The Sound Factory (nightclub)
The Sound Factory was a nightclub first located 532 West 27th Street and then 618 West 46th Street in New York City's Manhattan. The Sound Factory was an integral venue during a peak period of house music in New York. Prominent DJs, artists, and parties appeared at the club. It was in operation from 1989 to 1995. There were other reincarnations of the club until 2004.
In 1989, Christine Visca, Phil Smith and Richard Grant opened the Sound Factory in a converted warehouse at 530 West 27th Street in Manhattan's Chelsea neighborhood. DJ Junior Vasquez's association with vogue-ball houses the House of Xtravaganza and the House of Aviance helped bring the Harlem ballroom scene to the downtown club scene.
Smith became increasingly involved in The Sound Factory Bar, a smaller offshoot gay club. The owners of the Sound Factory were at risk of losing their cabaret license and decided to close the club in 1995.
In 1995, Smith converted the venue into the nightclub Twilo, which closed in 2001.
Grant reopened a new Sound Factory in a warehouse at 618 West 46th Street, but after facing legal issues in 2004, the club was closed.
The Sound Factory Bar
The Sound Factory Bar was an offshoot at 12 West 21st Street that was in operation from 1992 to 1997. The club was previously called Private Eyes which was a popular nightspot in the late 1980s and the early 1990s that for its time had an unusually advanced state-of-the-art video and sound system. In the mid 1990s Private Eyes was then purchased by 2 of the 3 owners of The Sound Factory, and, since the space was smaller, it was renamed the Sound Factory Bar.
When the Sound Factory closed in 1995, the Sound Factory Bar continued to operate. Wednesdays housed the recently resurrected Underground Network parties, hosted and promoted by recording artist Barbara Tucker and Don Welch, with Grammy Award winner Little Louie Vega as resident DJ. On Thursday nights, "Factoria 21," a tribal house gay night with DJ Merritt and Lord G, and on Friday nights, "Godfather of House" Frankie Knuckles helmed the decks. On Sunday afternoons, it was the host for "Body Positive Tea Dances," a social for HIV positive men and their friends. The DJs were Mark Cicero and Mark Thomas. Closing out the weekend on Sunday evenings, "Purgatory" a tribal and progressive house gay night with DJ Merritt and DJ Andrew Tonio. One of the most notorious events was a weekly party called MILK Mondays from DJ TPromix that after several years at this location went on to thrive for 9 years around the city. Also, (in the latter Cheetah years) Cafe con Leche, Cafe Futuro, and Asseteria were weekly Sunday parties.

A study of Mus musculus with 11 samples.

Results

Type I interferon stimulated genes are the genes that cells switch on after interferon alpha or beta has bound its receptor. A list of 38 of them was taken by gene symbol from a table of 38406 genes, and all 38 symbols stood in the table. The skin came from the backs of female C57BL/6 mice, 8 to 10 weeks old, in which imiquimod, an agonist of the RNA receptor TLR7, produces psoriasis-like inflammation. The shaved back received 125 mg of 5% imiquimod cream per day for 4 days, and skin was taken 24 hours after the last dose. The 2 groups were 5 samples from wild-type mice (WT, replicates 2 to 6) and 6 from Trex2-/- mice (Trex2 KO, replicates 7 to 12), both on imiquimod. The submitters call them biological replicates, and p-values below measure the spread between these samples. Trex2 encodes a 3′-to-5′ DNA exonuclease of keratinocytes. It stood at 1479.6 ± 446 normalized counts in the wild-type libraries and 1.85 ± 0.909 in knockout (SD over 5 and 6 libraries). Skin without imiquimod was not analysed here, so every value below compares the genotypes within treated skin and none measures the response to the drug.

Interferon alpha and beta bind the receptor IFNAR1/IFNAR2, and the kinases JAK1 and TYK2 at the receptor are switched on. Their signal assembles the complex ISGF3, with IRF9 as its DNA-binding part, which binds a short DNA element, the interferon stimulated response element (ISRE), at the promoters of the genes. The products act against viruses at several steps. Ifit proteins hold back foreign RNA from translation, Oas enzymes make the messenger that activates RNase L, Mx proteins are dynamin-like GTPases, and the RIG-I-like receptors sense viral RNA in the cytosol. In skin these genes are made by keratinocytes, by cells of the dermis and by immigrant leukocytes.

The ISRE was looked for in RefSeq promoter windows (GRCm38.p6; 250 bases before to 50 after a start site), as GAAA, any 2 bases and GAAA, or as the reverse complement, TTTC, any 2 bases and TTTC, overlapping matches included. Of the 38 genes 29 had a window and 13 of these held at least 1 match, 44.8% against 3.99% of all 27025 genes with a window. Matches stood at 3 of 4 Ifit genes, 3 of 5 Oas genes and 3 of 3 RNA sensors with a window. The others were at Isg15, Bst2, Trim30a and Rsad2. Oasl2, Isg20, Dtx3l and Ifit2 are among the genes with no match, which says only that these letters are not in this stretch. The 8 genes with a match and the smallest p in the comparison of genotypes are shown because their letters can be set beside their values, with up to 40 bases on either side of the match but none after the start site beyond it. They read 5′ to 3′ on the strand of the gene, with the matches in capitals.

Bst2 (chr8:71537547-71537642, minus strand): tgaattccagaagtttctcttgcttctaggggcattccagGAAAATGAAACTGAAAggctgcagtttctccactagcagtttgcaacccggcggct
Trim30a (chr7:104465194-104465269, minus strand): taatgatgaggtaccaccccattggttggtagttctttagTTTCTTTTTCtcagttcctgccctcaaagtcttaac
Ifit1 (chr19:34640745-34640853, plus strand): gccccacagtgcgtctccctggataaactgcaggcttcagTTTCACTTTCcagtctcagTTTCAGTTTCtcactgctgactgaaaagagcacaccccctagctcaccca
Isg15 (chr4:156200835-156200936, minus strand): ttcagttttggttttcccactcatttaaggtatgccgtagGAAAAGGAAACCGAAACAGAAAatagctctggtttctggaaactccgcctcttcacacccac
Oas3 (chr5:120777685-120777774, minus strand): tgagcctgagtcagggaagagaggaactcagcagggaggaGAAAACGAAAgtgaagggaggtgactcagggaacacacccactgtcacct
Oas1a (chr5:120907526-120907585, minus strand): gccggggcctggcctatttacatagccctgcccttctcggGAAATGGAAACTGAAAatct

In 1997, the Sound Factory Bar was reopened as Cheetah. The club was closed in 1999.
- ^ a b c d e Weinstein, Steve (January 22, 2015). "RIP Richard Grant—Founder of NYC After-Hours Institution Sound Factory". www.vice.com. Retrieved 2022-08-07.
- ^ Voice, Village (2000-10-24). "Trying Times for Twilo". The Village Voice. Retrieved 2022-08-07.
- ^ a b "You Can Dance If You Want To". New York Magazine: 35. May 5, 1997.
- ^ Preston, Julia (2005-06-10). "Owner of West Side Club Is Acquitted of Drug-Den Charges". The New York Times. ISSN 0362-4331. Retrieved 2022-08-07.
- ^ Fikentscher, Kai (2000-08-18). "You Better Work!": Underground Dance Music in New York. Wesleyan University Press. p. 72. ISBN 978-0-8195-6404-7.
- ^ "Screens". The New Yorker. August 20, 1984. pp. 26–28. Retrieved 2022-06-13.
- ^ "New York City House". daily.redbullmusicacademy.com. Retrieved 2022-08-07.
- ^ "Dancing In The Streets And Clubs Around The World". Billboard. November 18, 1995. p. 38.
- ^ Out. Out Pub., Incorporated. 1995. p. 76.
- ^ Wong, Edward (1999-11-14). "NEIGHBORHOOD REPORT: FLATIRON; Cheetah Club Draws Big Crowds, and Often a Siren's Song". The New York Times. ISSN 0362-4331. Retrieved 2022-08-07.